Posted: 14 April 2016 08:28 AM   [ Ignore ]

This is odd because it is not considered a standard form in Australia, my homeland. OED mentions it as a N.Am and Scottish variant. “Pled guilty” just sounds like correct English to me.

Raw Googlestats supports the idea that the form is quite rare in Australia, with site:au “pled guilty” getting about 1% as many hits as site:au “pleaded guilty”. Compare that to the unrestricted search, in which “pled guilty” gets about 12% as many hits as “pleaded guilty”.
A few of these hits are in pieces discussing the pled/pleaded dichotomy, but there are also plenty from justice.gov, and from North American news sites.

The strange thing is, while I would say “pled guilty” or “pled innocent”, I would not use pled in most other contexts. “He pleaded with me to turn down the volume” sounds right to me, and “He pled with me” sounds wrong.

A search on “he pled with me” again gives about 13% as many hits as “he pleaded with me”, so about the same ratio as with “pled guilty/pleaded guilty”.

If I do this test with site:au, I get about 40 hits with pleaded and 1 hit for pled, but this is for a single direct quote from Alan Alda, so probably the n is too low to draw any conclusions.

What say you? Do any of you say pled? Would you be more likely to say pled in “pled guilty” than in “he pled with me”?



Stats:

Hits in Corpus of Contempory American English (1990–2015):

pleaded / pled : 4870 / 643 (8:1)

pleaded guilty / pled guilty: 1994 / 395 (5:1)

Hits in British National Corpus (1980–93):

pleaded / pled : 900 / 31 (29:1)

pleaded guilty / pled guilty: 261 / 17 (15:1)

Both Google Ngrams and the Corpus of Historical American English shows an increase in American use of pled guilty since 1960. So that form is on the rise, but it’s still a minority usage.



As with OP and Doc it’s pled for me in legal contexts, pleaded otherwise. I thought this was standard in the UK but I could well be out of touch,

Huh.

So three of us are weirdos.

I’m trying to think of other cases where a different past form is used in different contexts.

Thanks for the statistics, Dave.



....“Scots wha hae wi’ Wallace pled”.....



I’m trying to think of other cases where a different past form is used in different contexts.

Transitive hang is regular only in the case of the means of execution.  They hanged the man from the gallows, but they hung the pictures on the wall.



Someone who has access to the AP Style Guide might want to check that. I have a suspicion that’s where I got the idea that pleaded was legally correct, but I no longer subscribe.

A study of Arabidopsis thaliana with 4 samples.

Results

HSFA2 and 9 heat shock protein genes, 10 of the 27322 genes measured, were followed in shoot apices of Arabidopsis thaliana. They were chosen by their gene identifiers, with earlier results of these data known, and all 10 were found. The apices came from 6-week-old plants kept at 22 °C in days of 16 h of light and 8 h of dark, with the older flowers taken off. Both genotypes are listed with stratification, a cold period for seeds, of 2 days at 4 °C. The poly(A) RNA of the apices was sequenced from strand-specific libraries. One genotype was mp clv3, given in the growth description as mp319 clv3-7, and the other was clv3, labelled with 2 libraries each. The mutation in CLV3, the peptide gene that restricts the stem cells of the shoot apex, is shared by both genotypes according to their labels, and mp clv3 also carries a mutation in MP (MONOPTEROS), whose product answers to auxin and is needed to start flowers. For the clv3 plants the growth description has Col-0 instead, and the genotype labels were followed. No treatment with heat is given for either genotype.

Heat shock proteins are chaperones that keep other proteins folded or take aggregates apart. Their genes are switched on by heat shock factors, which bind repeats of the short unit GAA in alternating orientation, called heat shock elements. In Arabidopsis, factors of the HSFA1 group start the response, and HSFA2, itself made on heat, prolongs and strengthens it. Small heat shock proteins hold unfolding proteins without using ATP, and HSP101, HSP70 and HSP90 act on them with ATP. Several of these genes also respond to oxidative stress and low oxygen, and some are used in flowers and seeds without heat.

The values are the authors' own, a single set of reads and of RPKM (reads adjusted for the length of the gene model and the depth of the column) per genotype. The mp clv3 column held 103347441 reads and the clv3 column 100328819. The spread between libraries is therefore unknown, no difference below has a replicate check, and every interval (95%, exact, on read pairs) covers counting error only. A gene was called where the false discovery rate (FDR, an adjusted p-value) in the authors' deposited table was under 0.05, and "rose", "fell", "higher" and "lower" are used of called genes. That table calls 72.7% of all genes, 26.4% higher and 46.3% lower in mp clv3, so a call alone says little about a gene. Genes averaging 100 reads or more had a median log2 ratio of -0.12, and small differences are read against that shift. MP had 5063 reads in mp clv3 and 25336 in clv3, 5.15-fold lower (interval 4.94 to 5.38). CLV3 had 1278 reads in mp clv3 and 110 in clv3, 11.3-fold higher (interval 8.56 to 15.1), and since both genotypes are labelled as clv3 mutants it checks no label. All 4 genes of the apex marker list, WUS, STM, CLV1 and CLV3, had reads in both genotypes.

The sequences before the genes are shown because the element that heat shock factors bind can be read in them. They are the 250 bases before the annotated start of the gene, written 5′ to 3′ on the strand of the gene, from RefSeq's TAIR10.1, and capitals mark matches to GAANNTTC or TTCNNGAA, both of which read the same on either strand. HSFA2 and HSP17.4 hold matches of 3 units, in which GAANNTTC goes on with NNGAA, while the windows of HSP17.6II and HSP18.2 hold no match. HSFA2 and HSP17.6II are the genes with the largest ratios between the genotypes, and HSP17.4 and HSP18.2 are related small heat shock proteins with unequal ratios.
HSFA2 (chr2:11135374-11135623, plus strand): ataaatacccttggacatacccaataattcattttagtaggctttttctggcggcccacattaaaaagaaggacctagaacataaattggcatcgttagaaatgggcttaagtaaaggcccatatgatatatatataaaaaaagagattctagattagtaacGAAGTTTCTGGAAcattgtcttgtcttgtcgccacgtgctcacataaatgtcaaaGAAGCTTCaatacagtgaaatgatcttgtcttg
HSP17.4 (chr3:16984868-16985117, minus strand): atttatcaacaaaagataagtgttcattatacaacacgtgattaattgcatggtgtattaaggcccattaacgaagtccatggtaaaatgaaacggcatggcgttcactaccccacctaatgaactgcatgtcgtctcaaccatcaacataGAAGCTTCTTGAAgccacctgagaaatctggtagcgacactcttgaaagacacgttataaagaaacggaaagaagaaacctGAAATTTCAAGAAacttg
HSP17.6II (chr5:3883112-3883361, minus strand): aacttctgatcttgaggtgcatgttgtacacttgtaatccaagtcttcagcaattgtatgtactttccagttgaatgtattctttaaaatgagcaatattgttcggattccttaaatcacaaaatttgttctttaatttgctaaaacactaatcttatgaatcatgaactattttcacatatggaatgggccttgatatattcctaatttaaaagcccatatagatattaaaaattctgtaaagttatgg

pleaded; *pled; plead (as a past tense). Pleaded has always been the predominant past-tense and past-participial form. From the early 1600s, pleaded has appeared much more frequently in print sources than its rivals. Commentators on usage have long preferred it, pouring drops of vitriol onto *has pled and *has plead [...]

The problem with these strong pronouncements, of course, is that *pled and *plead have gained some standing in AmE, as the Evanses noted in the 1950s [...]: “In the United States pleaded and pled are both acceptable for the past tense and for the past participle. In Great Britain only the form pleaded is used and pled is considered an Americanism” (DCAU at 372).

Indeed, ✳pled, dating from the 16th century, is nearly obsolete in BrE, except as a dialectal word. Nor is it considered quite standard in AmE, although it is a common variant in legal usage [...]. It is less common outside legal writing, but it still shows up—e.g.: “ ‘I didn’t mean anything—hey, are you okay? Don’t cry, Bella,’ he pled [read pleaded].” Stephanie Meyer, Eclipse 479 (2007).

Still, pleaded is the predominant form in both AmE and BrE, is always the best choice [...].



The way the lizard crept up the wall creeped me out.



pled all but disappeared from British English. It remained in use in Scotland

....“Scots wha hae wi’ Wallace pled”.....

Nice one :)

As a speaker of south-east Scotland English, I think I probably assumed that ‘pled’ was correct growing up, and that ‘pleaded’ was only written by errant English folk.

So that kinda fits in with expectations, I guess.


I (and apparently a lot of other people) would spell it leapt if pronounced the former way.